Over the past few days, North Korea has launched a missile over Japan, detonated a hydrogen bomb (which was five times more powerful than any bomb they had detonated prior), and has threatened America with an EMP strike. Rather than backing down in the face of international pressure, North Korean rhetoric and blatant taunting of the U.S. has escalated since my August 16 post.
Not only is the North Korean threat headline news, so is the worst fire in Los Angeles history along with many fires throughout the Pacific coastal states and Montana. As if this weren’t enough, our nation is also suffering the effects of the most damaging hurricane in U.S. history (Hurricane Harvey) while watching the most powerful hurricane ever to appear in the Atlantic (super-hurricane Irma) head toward the east coast. And this is not even to mention the social unrest, such as the current race riots not seen at this intensity in over 40 years. With all this concurrent trouble, we need to ask, what is God up to? Anything? Is He absent when we need Him most?
My emotional response to all of this is to hope that Kim Jong Un will give-up and that the anxiety produced from all of these “acts of God” and social upheaval will suddenly evaporate. In other words, will someone please wave a magic wand to give us a quick fix? Can we just get past this and return to a sense of stability and normalcy? But is a quick fix and a return to normalcy really in our best interest?
Consider the mid-1960’s and early 70’s. During this time racial conflicts, along with the assassination of Martin Luther King Jr., were front page news, as were the assassinations of John F. Kennedy and his brother Robert. Whether racially motivated or incited by the Vietnam War, protests and riots were frequent headline news. We were a troubled nation, but this time was also accompanied by a powerful move of God. Hundreds of thousands—if not millions—of people from coast-to-coast turned to the Lord during what has come to be known as the Jesus Movement.
With this in view, I am reminded of what one Christian leader stated years ago, “Anything that draws us closer to God is a blessing.” Anything? Really? Even natural disasters? Even conflicts with other nations?
The Bible teaches that when a nation defies God’s ways and finds itself in a moral freefall, God may trouble that nation with “every kind of distress” to bring the people back to Himself (2 Chr. 15:1-7). This is not an act of vengeance, but an act of mercy. The prophet Isaiah even asked God to send judgment to the nations because he understood that it is through difficulties that “the inhabitants of the earth learn righteousness” (Isa. 26:9).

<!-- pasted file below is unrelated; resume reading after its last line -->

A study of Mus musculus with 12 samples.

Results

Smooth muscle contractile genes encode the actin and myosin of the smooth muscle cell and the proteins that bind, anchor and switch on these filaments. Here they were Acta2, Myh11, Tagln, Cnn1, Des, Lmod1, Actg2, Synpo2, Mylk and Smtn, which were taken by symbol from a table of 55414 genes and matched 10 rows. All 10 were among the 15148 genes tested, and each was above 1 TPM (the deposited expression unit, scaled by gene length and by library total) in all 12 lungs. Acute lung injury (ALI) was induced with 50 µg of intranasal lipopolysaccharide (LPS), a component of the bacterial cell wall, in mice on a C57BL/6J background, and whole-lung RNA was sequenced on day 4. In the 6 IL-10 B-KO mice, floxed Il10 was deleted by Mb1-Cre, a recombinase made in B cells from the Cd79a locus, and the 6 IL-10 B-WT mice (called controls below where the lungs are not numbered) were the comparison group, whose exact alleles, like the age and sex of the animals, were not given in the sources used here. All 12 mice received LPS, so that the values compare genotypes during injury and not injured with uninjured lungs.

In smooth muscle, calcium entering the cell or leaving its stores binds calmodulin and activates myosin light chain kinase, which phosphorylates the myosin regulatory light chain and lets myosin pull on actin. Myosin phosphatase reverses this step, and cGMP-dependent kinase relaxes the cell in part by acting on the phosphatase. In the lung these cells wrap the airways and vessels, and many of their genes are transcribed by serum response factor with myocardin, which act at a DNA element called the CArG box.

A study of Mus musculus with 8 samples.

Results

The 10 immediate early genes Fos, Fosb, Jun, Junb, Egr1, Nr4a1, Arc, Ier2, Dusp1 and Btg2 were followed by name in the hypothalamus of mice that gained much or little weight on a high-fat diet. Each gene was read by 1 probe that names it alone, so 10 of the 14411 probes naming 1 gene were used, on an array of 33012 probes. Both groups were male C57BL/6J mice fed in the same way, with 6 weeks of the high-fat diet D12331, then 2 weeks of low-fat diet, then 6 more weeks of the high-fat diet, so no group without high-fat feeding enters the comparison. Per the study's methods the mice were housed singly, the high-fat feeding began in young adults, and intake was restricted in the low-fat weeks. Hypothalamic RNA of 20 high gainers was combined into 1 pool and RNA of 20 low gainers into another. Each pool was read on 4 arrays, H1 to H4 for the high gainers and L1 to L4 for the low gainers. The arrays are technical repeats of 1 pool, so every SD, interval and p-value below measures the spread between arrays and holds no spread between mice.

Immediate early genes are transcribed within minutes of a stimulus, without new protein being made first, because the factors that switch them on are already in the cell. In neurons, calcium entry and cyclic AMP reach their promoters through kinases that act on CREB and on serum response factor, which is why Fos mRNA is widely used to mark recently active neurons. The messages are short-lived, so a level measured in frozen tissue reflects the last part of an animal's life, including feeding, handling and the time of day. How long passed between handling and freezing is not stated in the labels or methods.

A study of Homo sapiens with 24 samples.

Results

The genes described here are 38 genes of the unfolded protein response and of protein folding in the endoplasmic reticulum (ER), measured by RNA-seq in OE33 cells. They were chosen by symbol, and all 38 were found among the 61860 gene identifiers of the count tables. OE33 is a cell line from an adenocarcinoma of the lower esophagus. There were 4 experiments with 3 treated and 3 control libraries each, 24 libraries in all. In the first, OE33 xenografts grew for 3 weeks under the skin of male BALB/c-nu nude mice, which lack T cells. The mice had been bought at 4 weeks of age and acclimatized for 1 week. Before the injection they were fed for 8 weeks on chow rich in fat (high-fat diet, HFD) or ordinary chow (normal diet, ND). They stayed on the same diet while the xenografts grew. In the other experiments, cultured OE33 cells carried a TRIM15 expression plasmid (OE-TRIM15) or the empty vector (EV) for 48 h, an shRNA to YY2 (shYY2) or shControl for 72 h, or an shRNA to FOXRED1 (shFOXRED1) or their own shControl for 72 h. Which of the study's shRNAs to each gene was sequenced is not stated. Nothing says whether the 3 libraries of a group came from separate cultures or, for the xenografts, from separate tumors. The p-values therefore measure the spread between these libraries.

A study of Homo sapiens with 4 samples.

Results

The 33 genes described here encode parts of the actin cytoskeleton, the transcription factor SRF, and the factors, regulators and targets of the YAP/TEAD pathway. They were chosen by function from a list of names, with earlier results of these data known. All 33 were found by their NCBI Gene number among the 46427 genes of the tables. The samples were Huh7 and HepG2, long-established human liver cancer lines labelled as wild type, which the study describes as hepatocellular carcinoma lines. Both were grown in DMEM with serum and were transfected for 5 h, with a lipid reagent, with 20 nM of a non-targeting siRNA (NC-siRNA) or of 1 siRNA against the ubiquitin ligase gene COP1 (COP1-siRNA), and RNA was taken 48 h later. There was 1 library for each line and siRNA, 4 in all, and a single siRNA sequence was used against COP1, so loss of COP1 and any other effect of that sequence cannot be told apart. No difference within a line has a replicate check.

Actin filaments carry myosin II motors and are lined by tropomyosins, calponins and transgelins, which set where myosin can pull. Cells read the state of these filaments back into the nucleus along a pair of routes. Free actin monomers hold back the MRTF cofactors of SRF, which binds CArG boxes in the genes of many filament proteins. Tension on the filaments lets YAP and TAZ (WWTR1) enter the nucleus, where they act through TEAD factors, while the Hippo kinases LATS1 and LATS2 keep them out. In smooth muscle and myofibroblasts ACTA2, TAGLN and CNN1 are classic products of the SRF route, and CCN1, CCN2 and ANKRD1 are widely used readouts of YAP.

Many Christians today recoil at the very thought of national or international distress. They believe that a loving God would not trouble people. However, the Bible reveals that it is precisely because God is a loving and gracious God that He troubles the people. His goal is to shake people out of their ordinary routine and way of thinking and compel them to evaluate their actions and seek Him.
While my flesh cries out for a quick fix—I want our nation to get us out of all this distress now!—I see God’s wisdom in allowing deeply troubling events to take place. If they are not deeply troubling, we don’t seem to take interest in humbling ourselves to make the systemic changes that God can bless!
In closing, we must not waste the opportunity that the current national shakings are providing us. First, in view of what is taking place in our nation, are you completely surrendered to God’s purposes for your life? Second, are you engaging others in the conversation calling unsettled, at times fearful, souls to faith in Jesus?
Even if our nation chooses pride instead of humility, defiance toward God instead of love , there can be no more important mission than to call family, friends, neighbors and co-workers into an eternal relationship with the God who is reaching out to us even now—especially now.
For a detailed look at the premises of the last three blogs, with accompanying sources, click here to read Evaluating the North Korean Crisis by Timothy Zebell.